IG Markets’ Daniel Pingarrón: “Euro accords must be implemented quicker”

By valenciaplaza.com | IG Markets' Daniel Pingarrón said in a conversation with VP for The Corner that the European authorities and the Spanish government should improve their timing if they want investors to believe that they can set up a coordinated, effective plan.

The Spanish market index Ibex spiked after president Mariano Rajoy announced its austerity policy, but it was a short-lived reaction. Why was that? The recovery of the Ibex wasn't huge, just some percentage point over the rest of the European markets. The problem is that the measures, whether one thinks they're going to provoke the right or wrong result, are merely partial solutions to questions that are quite specific. The markets have a maximalist position, seeking to minimise the structural risks of the euro peripheral sovereign debt, and a quick, definitive exit from the crisis. The Ibex will not improve its performance until these two aspects are sorted out, and the Spanish government can do so much about it.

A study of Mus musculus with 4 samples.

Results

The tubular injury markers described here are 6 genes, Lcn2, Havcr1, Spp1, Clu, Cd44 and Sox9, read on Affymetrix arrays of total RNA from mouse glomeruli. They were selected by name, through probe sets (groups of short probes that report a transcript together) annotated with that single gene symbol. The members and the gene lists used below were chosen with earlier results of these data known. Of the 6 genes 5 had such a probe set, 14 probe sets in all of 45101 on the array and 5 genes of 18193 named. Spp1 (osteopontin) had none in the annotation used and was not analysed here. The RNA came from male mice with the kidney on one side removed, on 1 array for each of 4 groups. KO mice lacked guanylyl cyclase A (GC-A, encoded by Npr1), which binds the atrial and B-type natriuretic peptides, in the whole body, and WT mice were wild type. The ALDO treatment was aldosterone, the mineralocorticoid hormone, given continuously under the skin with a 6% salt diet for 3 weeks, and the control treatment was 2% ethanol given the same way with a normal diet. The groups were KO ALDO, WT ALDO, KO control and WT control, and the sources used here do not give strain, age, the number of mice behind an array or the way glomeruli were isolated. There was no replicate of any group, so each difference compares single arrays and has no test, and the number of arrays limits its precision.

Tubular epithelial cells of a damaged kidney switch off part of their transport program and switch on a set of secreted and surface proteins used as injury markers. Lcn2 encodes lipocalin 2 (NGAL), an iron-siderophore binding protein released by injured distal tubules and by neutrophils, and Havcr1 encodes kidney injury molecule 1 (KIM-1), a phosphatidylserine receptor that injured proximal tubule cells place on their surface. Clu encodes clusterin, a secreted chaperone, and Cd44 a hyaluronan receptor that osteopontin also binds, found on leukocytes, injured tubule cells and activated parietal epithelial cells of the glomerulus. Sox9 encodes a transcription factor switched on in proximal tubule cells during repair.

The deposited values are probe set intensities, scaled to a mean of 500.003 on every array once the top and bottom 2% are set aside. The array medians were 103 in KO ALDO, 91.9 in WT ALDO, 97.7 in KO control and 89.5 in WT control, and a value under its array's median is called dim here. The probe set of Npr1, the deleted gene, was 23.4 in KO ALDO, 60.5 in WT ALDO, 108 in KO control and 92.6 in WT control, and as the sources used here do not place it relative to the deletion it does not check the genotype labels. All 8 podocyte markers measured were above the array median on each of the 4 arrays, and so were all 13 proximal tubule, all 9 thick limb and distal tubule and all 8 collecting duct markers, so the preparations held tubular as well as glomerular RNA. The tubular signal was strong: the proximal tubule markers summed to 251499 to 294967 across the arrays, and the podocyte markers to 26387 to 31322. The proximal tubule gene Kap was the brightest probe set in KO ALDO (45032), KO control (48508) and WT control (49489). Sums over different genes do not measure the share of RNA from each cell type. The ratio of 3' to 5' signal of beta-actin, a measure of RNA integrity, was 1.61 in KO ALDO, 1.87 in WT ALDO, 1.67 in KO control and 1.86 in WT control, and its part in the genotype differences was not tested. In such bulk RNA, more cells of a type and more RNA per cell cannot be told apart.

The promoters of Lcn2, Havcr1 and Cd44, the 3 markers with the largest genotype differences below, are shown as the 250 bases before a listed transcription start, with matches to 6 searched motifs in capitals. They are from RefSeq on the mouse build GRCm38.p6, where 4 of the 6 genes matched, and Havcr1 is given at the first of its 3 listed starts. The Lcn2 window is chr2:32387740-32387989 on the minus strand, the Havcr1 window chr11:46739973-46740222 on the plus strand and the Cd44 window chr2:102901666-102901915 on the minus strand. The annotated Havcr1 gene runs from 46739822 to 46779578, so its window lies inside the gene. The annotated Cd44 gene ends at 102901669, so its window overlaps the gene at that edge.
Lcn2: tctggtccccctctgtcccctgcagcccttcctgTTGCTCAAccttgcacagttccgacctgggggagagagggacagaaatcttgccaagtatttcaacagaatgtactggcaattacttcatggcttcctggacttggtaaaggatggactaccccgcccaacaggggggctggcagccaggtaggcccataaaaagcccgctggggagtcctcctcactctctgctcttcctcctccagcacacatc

Is there any way to tackle the high volatilit

y on the Ibex, then? Well, of course. There are some decisions to be made that would trigger an upwards trend in the markets, especially in those that now are under pressure. For instance, when the euro zone comes up with positive agreements, the reaction is quite strong, but it doesn't last. That is the key: accords must be solid and their implementation should be swift, leaving no room whatsoever to ambiguities or delays. The European Central Bank could also do a lot more. And the Spanish government should take action instead of behaving like a copy-cat or waiting for events to push it around.

Basically, we need new liquidity injections, stimulus for growth, stabilise the sovereign debt of euro peripheral States, further fiscal and banking integration, and most importantly, we need that to happen in the short term.

Is there the probability that the cost of the credit for Spain goes down, if the risk premium keeps tightening? The risk premium is decreasing at a very slow pace. In all truth, I don't expect it to improve unless we see Brussels and Madrid making the right moves. In the current market climate, the risk premium will be placed at around 500 basic points.